Getting involved in the rescue of Romanian street dogs was the last thing I expected to be doing yesterday. We were blissfully unaware that wonderful UK animal charities bring these sad cases back to the UK each week in specially constructed transit vans. Some of the dogs go to owners offering them a ‘forever’ home but most go to dog rescue centres who then try to rehome the dogs.
Due to a car breakdown, Walker’s Creek Rescue charity had no vehicle to collect a dog called Jeannie from the transit van when it arrived at South Mimms Service Station. As part of our dog walking service in Stevenage and Knebworth and our house & pet sitting in Hertfordshire, we do have insurance for acting as a pet taxi and were asked to help out. Clearly, saying ‘no’ was not an option and Lynn wasn’t going to miss out on a dog rescue, so we packed up our dog transport crate and water, plus a little ham for treats and headed for South Mimms. On arrival, we found three cars already waiting, all rescue charities picking up between three and five dogs each. Over the next few minutes more cars arrived containing various excited families with children in tow to collect their new family pet when it arrived. One lady was literally beside herself with excitement having befriended a street dog while on holiday in Romania and fallen in love with it. Organising its rescue had taken months and she was literally bouncing up and down as the transit van pulled into the coach park. Her excited squeaking and dash to her dog’s cage when the Romanian driver opened the van door did bring a tear to the eye but wasn’t especially helpful to maintaining a calm state of mind in the other dogs still crated in the van.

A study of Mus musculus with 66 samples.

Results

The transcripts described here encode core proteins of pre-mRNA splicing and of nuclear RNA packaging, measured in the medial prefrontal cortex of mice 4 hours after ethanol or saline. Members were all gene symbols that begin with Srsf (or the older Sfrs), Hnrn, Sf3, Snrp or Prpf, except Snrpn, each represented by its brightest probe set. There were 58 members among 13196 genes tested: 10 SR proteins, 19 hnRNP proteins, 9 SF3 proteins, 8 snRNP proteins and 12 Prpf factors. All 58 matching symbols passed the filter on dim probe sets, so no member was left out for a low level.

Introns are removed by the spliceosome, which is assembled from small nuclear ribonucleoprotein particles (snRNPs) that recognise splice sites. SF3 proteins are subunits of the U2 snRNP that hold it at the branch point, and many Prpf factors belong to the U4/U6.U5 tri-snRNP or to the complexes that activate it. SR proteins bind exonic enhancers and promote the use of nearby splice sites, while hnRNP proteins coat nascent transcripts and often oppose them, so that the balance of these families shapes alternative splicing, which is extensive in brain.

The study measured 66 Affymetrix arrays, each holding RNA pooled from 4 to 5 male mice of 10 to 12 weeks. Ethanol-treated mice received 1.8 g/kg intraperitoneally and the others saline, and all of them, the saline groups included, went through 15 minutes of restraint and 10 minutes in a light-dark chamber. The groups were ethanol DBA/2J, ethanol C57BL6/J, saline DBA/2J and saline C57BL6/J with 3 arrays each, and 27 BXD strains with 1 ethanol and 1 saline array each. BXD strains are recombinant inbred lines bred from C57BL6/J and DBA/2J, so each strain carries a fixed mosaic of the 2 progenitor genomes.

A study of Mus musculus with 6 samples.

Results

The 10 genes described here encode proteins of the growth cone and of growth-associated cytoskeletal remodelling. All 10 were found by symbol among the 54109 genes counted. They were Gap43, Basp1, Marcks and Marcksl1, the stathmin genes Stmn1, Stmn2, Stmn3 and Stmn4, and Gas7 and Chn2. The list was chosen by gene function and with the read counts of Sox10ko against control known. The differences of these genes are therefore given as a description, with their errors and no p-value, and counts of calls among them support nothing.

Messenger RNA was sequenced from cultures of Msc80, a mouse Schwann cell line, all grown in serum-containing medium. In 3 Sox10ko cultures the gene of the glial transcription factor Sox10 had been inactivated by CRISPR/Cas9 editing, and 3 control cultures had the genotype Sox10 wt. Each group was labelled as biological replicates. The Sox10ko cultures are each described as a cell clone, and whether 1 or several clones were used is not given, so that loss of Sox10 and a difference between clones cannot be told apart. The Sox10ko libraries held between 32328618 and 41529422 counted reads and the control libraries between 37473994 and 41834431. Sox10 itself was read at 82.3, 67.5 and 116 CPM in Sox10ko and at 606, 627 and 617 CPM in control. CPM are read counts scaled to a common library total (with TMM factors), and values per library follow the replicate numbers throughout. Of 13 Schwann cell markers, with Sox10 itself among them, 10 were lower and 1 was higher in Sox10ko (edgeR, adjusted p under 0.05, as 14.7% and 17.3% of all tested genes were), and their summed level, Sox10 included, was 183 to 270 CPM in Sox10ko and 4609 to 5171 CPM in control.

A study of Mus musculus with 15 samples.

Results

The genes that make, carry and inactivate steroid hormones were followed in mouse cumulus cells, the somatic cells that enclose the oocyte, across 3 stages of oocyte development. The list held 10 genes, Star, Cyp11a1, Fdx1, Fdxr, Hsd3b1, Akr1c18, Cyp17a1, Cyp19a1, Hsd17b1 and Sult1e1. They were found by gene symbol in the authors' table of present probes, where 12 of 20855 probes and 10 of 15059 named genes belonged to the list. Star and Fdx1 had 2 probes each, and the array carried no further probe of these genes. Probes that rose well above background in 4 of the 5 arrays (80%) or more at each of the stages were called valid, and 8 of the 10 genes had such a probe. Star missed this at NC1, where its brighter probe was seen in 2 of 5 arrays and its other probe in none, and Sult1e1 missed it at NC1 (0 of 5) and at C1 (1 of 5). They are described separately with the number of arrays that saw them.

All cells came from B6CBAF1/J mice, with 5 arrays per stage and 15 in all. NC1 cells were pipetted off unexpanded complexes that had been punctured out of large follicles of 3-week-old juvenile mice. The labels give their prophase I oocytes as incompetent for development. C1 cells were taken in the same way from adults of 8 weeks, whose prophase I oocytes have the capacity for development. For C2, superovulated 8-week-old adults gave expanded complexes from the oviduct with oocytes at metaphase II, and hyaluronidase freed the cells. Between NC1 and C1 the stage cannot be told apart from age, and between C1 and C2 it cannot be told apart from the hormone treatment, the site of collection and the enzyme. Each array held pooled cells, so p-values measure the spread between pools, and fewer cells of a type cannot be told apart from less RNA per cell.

Eventually, our turn came and we were called forward to collect the heartbreakingly lovely Jeannie and her pet passport. Jeannie is a beautiful, gentle, cross breed with the most loving nature. The driver offered to carry her to the transport crate but her little wagging tail and gentle demeanour showed there was no need for that and Lynn was relishing the opportunity to carry her. Their resilience and trust, bearing in mind their awful experiences is truly staggering. Jeannie was a little too nervous to have a wee but went into her crate without a protest. Lynn, on the other hand, was far too excited to not have a wee, so Jeannie and I settled into a bit of wait while she trotted off to use the services, disdainfully ignoring the nearby bushes I’d helpfully pointed out. I gave Jeannie a much needed bowl with some water while we waited and when Lynn got back, she gave her some small pieces of ham which she ate, though hoovered might be a better description.
Once Jeannie was settled, we headed off to Chatteris in North Cambridgeshire, an hour and a half drive, to drop her off with a wonderful lady called Claire who runs a horse rescue charity for terminal and ill horses and does dog rescues as well. Claire was bubbly, caring, enthusiastic and clearly, as busy as heck but she did stop long enough to have a poorly taken photo using my 1G phone. When you look at the sweet, gentle nature of dogs like Jeannie who need saving, it does make you wonder why people spend over £500 buying a pedigree as a household pet. Having owned various rescue dogs and pedigrees, we always had less problems with the rescue dogs! Fingers crossed that someone comes along soon to give this gorgeous little dog a ‘forever’ home.
All in all, it certainly made for a very different Saturday compared to our usual dog walking duties in Stevenage and Knebworth. Meeting and talking to the people involved in animal rescue, you wonder how some human beings can be so cruel to animals but to counter that, the work, sacrifice and dedication of the animal rescue volunteers is humbling and does reinforce your faith in humanity.